President Mnangagwa was among the African leaders who were in Niamey, Niger to launch the African Continental Free Trade Area (AfCFTA) on Sunday.
There is no doubt this was an epochal moment that saw Africa coming together to launch the globe’s single largest market since the formation of the World Trade Organisation in 2001. It took 17 years of intensive planning and research and deep thinking among African leaders and their technocrats for the launch to be achieved. While the launch was Sunday, the AfCFTA will start operating from July 1 next year, a development expected to increase intra-Africa trade by 60 percent in its first two years of existence. Under the free trade area, countries will progressively phase out duties on 97 percent of goods traded between African countries.
“The biggest benefit is you are removing the fragmentation of Africa,” African Union (AU) commissioner of trade and industry Mr Albert Muchanga enthused.
The common market has potential to attract more foreign direct investment into Africa as investors will seek to benefit from a US$4 trillion mass market of 1,2 billion people across 54 countries running on the same trade and investment rules. Africa will develop thanks to the AfCFTA and millions of jobs will be created.
African countries had for long been accused of frustrating their own development by operating in silos, each of them minding its own small business against powerful countries and regional blocs.
However, on Sunday their leaders firmly answered their critics.
An integrated Africa under AfCFTA will be able to speak and act with one powerful voice to promote freer and fair trade and advance its collective interests. The continent has a better chance of being listened to when it unites than when it acts divided.
It is good that Africa’s integration which started a few decades ago at regional level through Sadc, Comesa, the East African Community and the Economic Community for West African States and so on has now maturated into the huge bloc that was consummated on Sunday.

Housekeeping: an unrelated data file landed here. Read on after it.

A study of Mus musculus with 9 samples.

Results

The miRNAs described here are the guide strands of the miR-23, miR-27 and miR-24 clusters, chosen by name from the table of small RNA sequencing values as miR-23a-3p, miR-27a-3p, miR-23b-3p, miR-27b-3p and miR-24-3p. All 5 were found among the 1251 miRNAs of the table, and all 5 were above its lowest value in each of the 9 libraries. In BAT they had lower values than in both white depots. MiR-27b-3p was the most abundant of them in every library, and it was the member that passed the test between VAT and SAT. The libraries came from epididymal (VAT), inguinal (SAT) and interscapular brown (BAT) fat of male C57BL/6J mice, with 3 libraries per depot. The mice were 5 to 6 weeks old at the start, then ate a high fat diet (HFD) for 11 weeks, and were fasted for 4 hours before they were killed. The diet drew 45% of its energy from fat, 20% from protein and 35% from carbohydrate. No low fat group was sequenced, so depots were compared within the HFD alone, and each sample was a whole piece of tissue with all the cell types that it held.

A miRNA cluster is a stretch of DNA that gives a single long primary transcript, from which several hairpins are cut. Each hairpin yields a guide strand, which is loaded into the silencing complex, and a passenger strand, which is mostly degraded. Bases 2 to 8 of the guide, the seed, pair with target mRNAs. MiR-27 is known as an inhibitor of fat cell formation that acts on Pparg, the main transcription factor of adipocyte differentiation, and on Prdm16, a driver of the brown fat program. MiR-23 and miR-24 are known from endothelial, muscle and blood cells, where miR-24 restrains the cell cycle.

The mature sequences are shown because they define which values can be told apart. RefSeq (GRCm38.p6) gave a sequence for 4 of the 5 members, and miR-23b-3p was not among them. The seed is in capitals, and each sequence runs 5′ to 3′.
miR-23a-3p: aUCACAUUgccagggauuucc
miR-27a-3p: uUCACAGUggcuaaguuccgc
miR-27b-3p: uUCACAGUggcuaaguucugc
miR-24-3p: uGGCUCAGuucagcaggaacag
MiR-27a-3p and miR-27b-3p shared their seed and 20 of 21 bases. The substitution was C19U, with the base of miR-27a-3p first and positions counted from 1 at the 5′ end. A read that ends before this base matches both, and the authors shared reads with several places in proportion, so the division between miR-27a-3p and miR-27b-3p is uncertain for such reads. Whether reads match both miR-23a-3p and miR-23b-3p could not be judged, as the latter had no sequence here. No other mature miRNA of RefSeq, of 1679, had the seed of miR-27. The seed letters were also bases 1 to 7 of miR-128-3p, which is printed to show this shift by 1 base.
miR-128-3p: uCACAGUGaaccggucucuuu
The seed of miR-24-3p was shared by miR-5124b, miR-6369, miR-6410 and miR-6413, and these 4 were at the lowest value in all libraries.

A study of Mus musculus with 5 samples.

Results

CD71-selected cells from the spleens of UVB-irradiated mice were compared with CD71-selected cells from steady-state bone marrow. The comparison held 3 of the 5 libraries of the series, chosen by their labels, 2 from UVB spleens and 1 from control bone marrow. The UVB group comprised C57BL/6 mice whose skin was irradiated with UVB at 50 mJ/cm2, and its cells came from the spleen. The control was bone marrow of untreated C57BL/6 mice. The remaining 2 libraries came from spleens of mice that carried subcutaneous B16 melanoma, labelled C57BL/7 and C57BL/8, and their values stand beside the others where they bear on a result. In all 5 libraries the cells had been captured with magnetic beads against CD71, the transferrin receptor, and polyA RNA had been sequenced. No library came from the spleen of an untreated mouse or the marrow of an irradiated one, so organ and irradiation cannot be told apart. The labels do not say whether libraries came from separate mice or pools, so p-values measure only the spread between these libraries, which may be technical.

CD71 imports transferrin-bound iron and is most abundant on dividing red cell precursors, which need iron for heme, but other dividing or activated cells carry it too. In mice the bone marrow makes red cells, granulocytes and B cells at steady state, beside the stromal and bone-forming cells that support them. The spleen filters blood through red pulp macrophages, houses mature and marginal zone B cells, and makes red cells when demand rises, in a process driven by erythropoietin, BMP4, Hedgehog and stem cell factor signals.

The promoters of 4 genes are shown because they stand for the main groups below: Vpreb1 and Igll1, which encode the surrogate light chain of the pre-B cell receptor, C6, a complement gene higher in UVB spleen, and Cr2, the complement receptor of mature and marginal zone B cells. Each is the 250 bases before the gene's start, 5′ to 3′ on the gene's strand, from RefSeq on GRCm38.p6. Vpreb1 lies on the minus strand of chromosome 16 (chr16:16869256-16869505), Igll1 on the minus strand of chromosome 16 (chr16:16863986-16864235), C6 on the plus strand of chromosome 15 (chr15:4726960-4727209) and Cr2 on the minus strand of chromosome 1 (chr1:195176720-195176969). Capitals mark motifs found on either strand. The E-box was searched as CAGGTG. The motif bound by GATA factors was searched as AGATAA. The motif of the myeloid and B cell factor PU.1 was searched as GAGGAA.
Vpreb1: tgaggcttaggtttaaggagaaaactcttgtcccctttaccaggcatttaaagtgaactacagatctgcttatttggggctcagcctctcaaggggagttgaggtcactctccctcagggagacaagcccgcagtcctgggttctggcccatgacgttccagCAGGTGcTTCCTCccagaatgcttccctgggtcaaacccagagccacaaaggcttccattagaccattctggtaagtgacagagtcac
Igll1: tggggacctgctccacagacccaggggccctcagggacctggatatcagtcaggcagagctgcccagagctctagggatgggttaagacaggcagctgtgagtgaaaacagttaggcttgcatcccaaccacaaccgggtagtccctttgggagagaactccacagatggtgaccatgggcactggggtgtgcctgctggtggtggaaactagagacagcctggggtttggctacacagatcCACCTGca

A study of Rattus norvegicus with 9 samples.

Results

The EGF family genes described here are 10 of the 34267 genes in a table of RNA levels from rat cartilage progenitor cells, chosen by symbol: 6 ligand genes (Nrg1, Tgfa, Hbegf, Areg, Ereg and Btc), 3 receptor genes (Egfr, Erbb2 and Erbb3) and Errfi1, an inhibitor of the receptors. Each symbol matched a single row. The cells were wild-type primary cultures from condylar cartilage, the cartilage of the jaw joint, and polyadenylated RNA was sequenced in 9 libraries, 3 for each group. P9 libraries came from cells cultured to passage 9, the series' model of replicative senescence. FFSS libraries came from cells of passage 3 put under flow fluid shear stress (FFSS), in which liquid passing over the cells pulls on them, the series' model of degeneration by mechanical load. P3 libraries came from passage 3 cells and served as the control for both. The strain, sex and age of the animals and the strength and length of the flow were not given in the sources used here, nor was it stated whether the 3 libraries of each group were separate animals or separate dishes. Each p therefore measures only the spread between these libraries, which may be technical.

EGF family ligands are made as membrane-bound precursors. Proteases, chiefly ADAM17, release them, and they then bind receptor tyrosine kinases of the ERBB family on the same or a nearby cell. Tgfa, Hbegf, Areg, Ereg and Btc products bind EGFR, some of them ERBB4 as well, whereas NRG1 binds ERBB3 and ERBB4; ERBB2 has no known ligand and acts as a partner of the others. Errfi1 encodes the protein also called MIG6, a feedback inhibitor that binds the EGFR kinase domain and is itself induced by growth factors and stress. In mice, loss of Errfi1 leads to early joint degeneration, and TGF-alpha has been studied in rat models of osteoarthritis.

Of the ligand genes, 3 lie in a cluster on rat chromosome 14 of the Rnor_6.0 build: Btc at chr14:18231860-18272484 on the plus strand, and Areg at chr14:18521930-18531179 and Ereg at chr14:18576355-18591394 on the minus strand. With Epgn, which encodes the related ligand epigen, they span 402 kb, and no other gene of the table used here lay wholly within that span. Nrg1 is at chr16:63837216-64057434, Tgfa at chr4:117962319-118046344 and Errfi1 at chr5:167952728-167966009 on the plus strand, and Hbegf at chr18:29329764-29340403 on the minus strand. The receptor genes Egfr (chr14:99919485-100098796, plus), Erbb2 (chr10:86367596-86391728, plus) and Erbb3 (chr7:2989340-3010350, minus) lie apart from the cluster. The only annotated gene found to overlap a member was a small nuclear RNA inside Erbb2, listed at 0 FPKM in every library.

The launch of the African passport in Rwanda in July 2016 was yet another big step towards greater integration, building up on the foundation laid by the regional economic communities. With a common passport for Africans, all citizens of the continent will not need a visa when they travel across national borders. Effectively and to some extent Africa would soon be borderless just like the European Union where an EU passport is all a European needs to traverse that continent visa-free. Also, EU nationals enjoy a number of benefits in EU member states. Africans hope that the passport that was launched in Rwanda last year will take them to the level where the EU already is.
Last year, African countries launched the Single African Air Transport Market (SAATM) initiative, that is largely based on the agreements of the Yamoussoukro Decision of 1999. The initiative makes it easier for people to travel across the continent by air without the need for multiple connecting flights. It would be cheaper too for people to travel as SAATM eliminates connecting flights. Tourists, including those from abroad, would find it easier and faster to travel in and out of the continent, which should translate into more tourist arrivals and income for the tourism industry and growth of the mother continent.
President Mnangagwa, speaking on the AfCFTA, said the initiative would help transform the continent. He observed, however, that Zimbabwe requested and was granted a 15-year window to deal with the adverse impact of Western sanctions before it starts to fully function under the free trade bloc.
“For Zimbabwe it was a huge success because we succeeded in depositing our instruments, so we were number 23 and we have managed to get a window to develop our industry and commerce so that we catch up with the rest of the world and we got a 15-year reprieve. It has gone very well. We signed the protocol (African Continental Free Trade Area) in Kigali (in Rwanda), but we entered a reservation because of sanctions imposed on us which have rendered our industry and commerce uncompetitive in the market,” he said.
Malawi, Zambia, Madagascar, Ethiopia and Eritrea were granted a delay too. The AU must be applauded for its sensitivity to peculiarities of member states and their impact on their readiness to join the free trade area, while, of course, upholding the overall criticality of the AfCFTA.
A package US$1 billion has been set aside for lending by the African Import and Export Bank to countries requiring support to adjust to the new reality.
While we are glad that Africa has become the world’s biggest single market, that market must not continue to be a market for raw minerals – uncut and unpolished diamonds, unprocessed chrome, raw cotton and so on. It is well known that Africa’s dependence on commodity exports prejudice the continent of much money.
For example, a bale of cotton costs only a fraction of the price of a shirt and a diamond improves its value from its uncut and unpolished state by seven times to the stage where it is made into jewellery. Dependence on primary goods is also disadvantageous in that it exposes the continent to fluctuations in commodity prices.
Therefore, while the creation of world’s biggest market is welcome, it must not be a market for unprocessed goods but processed, high value products to take the value of the market beyond the US$4 trillion.